Despite a notable drop in under-five mortality, Asia and the Pacific remains a hotspot for child deaths. The pandemic made things worse, causing a significant decline in routine immunizations. It's time to intensify vaccination programs and renew our commitment to children's health.
Since 1990, substantial progress has been made in reducing the number of deaths among children under five across the world. Globally, an estimated five million children died before reaching their fifth birthday in 2021, according to the World Health Organization. That is a tragically high number, but that’s down from 6.1 million in 2015, an impressive 17.1% drop.
Despite that, the child mortality rate remains persistently high in Asia and the Pacific. Of the top ten countries with the highest number of children under five dying, four of them are in the region, according to WHO data.
What’s devastating in the second decade of this century is that most of those babies and young children are dying of preventable and treatable conditions, most notably malaria, pneumonia, and diarrhea. Alongside interventions to reduce these three big killers, vaccination remains key to early childhood health. Timely and comprehensive national vaccination programs significantly reduce measles, rubella, and polio, all highly infectious diseases that prey on the young.
The COVID-19 pandemic had a huge impact on health services in developing countries from mid-2020. Child and adolescent vaccination programs were particularly badly hit due to lack of vaccines and the workers to administer them. Even when immunization was offered, people were often unable to access them due to lockdowns, transport problems, economic hardship, or fear of being exposed to the virus.
The WHO sounded the alarm in July 2020 that the avoidable suffering and death caused by children denied routine immunization could be far greater than from COVID-19 itself.
Two years later, UNICEF reported that the percentage of children receiving three doses of vaccine against diphtheria, tetanus, and pertussis (an indicator for immunization coverage within and across countries) fell five percentage points between 2019 and 2021 to 81%. That’s the largest global decline in childhood vaccinations in 30 years.
A July 2021 study published in the Lancet found a marked global disruption to routine immunization occurred in 2020, with coverage estimated to have fallen more than 7% compared to expected coverage in the absence of COVID-19. Across Asia and the Pacific, UNESCAP has estimated that in 2020, 8 million children across Asia and the Pacific missed routine vaccinations, an increase of approximately 2.5 million from 2019.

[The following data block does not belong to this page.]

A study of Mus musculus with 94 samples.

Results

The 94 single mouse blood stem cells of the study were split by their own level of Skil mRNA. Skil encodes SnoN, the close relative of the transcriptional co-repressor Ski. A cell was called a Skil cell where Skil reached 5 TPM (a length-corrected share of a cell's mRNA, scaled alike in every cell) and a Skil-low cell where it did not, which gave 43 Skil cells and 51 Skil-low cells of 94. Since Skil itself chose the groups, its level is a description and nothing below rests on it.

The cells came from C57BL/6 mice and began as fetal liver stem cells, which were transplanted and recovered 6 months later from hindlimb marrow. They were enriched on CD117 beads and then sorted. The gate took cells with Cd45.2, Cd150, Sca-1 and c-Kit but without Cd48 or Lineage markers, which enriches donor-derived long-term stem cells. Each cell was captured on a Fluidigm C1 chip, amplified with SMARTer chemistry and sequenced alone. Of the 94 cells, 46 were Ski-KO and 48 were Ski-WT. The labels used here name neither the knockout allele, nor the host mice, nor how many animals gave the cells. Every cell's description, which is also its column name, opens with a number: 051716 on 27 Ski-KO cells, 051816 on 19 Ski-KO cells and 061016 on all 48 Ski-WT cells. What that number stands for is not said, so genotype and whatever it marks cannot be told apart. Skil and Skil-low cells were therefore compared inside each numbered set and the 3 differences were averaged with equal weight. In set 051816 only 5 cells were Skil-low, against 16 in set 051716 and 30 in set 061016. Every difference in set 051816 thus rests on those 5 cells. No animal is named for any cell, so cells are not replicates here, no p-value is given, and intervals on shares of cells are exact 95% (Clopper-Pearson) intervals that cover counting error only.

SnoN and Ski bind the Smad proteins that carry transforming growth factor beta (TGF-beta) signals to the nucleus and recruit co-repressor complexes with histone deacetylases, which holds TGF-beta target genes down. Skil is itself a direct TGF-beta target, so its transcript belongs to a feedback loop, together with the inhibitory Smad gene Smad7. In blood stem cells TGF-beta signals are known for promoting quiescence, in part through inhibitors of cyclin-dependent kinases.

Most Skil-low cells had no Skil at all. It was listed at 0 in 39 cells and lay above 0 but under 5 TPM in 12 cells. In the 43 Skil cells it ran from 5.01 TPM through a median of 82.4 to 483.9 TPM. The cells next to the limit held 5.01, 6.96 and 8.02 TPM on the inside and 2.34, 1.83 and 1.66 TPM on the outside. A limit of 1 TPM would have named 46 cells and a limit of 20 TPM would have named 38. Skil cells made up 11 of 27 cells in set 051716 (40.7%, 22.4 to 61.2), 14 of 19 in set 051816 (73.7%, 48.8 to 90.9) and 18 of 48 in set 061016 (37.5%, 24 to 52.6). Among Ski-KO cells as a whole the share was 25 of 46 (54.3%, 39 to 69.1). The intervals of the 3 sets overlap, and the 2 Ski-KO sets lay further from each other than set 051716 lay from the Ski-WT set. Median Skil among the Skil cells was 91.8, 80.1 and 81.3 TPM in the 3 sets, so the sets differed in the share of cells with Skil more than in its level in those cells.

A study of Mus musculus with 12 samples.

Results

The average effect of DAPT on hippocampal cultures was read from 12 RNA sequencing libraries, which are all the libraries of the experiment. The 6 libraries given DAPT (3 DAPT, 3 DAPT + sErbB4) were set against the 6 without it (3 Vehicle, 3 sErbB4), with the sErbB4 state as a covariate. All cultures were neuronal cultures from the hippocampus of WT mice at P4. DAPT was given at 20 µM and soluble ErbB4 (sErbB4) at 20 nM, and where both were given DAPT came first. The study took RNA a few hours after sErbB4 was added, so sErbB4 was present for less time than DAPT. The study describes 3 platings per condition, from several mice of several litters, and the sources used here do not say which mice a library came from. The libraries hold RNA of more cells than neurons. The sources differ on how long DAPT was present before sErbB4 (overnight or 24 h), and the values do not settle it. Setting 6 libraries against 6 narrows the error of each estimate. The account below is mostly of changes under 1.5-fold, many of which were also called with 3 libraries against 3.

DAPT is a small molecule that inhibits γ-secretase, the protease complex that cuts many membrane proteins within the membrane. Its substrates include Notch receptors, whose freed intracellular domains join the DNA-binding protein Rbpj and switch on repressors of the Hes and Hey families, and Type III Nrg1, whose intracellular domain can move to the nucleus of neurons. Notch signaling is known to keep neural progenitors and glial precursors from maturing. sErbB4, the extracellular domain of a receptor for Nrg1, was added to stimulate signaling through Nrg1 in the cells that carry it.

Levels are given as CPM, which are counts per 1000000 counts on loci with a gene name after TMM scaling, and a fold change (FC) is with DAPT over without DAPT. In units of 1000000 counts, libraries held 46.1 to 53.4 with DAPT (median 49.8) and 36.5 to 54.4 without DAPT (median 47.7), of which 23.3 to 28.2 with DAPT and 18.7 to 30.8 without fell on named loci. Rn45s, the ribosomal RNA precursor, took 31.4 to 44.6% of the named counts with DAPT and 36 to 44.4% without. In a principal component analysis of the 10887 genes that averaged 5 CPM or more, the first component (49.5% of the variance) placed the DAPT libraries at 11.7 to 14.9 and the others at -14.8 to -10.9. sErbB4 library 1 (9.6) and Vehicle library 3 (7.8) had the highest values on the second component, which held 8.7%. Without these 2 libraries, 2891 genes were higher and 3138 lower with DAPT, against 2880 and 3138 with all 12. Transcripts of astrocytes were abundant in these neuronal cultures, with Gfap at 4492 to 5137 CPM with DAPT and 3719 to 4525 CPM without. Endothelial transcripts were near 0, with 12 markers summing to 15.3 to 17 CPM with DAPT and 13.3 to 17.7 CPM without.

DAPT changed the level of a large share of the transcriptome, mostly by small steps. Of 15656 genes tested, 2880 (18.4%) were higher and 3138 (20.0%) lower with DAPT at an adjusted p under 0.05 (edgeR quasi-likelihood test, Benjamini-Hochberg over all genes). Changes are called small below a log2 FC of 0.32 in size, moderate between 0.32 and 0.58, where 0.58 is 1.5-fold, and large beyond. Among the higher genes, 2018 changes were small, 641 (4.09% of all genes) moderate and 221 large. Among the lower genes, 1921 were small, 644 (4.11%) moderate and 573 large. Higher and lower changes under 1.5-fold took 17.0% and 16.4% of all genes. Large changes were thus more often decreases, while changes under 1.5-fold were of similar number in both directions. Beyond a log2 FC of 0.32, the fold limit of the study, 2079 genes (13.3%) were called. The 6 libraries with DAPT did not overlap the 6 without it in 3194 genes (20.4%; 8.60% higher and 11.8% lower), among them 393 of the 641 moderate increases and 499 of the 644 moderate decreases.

Eight countries in Asia and the Pacific had an under-5 mortality rate (deaths per 1,000 live births) in 2021 estimated at higher than the global estimate of 38.1, according to Basic Statistics 2023. The under-5 mortality rate remains worryingly high in Pakistan (63 per 1,000 live births), Timor-Leste (51 per 1,000 live births), and other countries in the region.
The death rates of newborns in a certain area within their first 28 days typically reflect the death rates of children under the age of five in the same area. These figures don’t tell us very much in isolation. Pakistan had the highest rate in Asia and the Pacific in 2021 at 39.4, but that’s a major improvement on 20 years ago when it was 54.3. Timor-Leste has significantly reduced its rate from 34.2 to 22.2 in the same period.
The pandemic has reminded the world of the power of vaccines to fight disease, save lives, and create a healthier, safer, and more prosperous future. Now the pandemic is largely contained, it’s time for a post-COVID-19 health dividend.
A gradual recovery of national vaccinations programs appears to be underway, but several factors—ongoing transmission, emergence of new variants, and a focus on the roll-out of COVID-19 vaccines, among others—could easily stall or reverse this tentative progress.
To recover lost ground, countries in Asia and the Pacific, particularly those with historically high infant and child mortality rates, need to intensify efforts to rapidly re-establish routine life-saving national vaccination programs. In tandem, routine immunisation data systems must be strengthened to enable data-driven decision-making at local levels and improved monitoring of routine immunization over time.
Immunization reaches more people in Asia and the Pacific than any other health and social service, making it the foundation of primary health care and a key driver of universal health coverage. The WHO’s Immunization Agenda 2030 (IA2030) is designed to address these and other vaccination challenges over the next decade.
Although the global death rate of children under five is on a downward trend, the pandemic has threatened this hard-won progress. A new commitment is needed in Asia and the Pacific to ensure the region stays on track.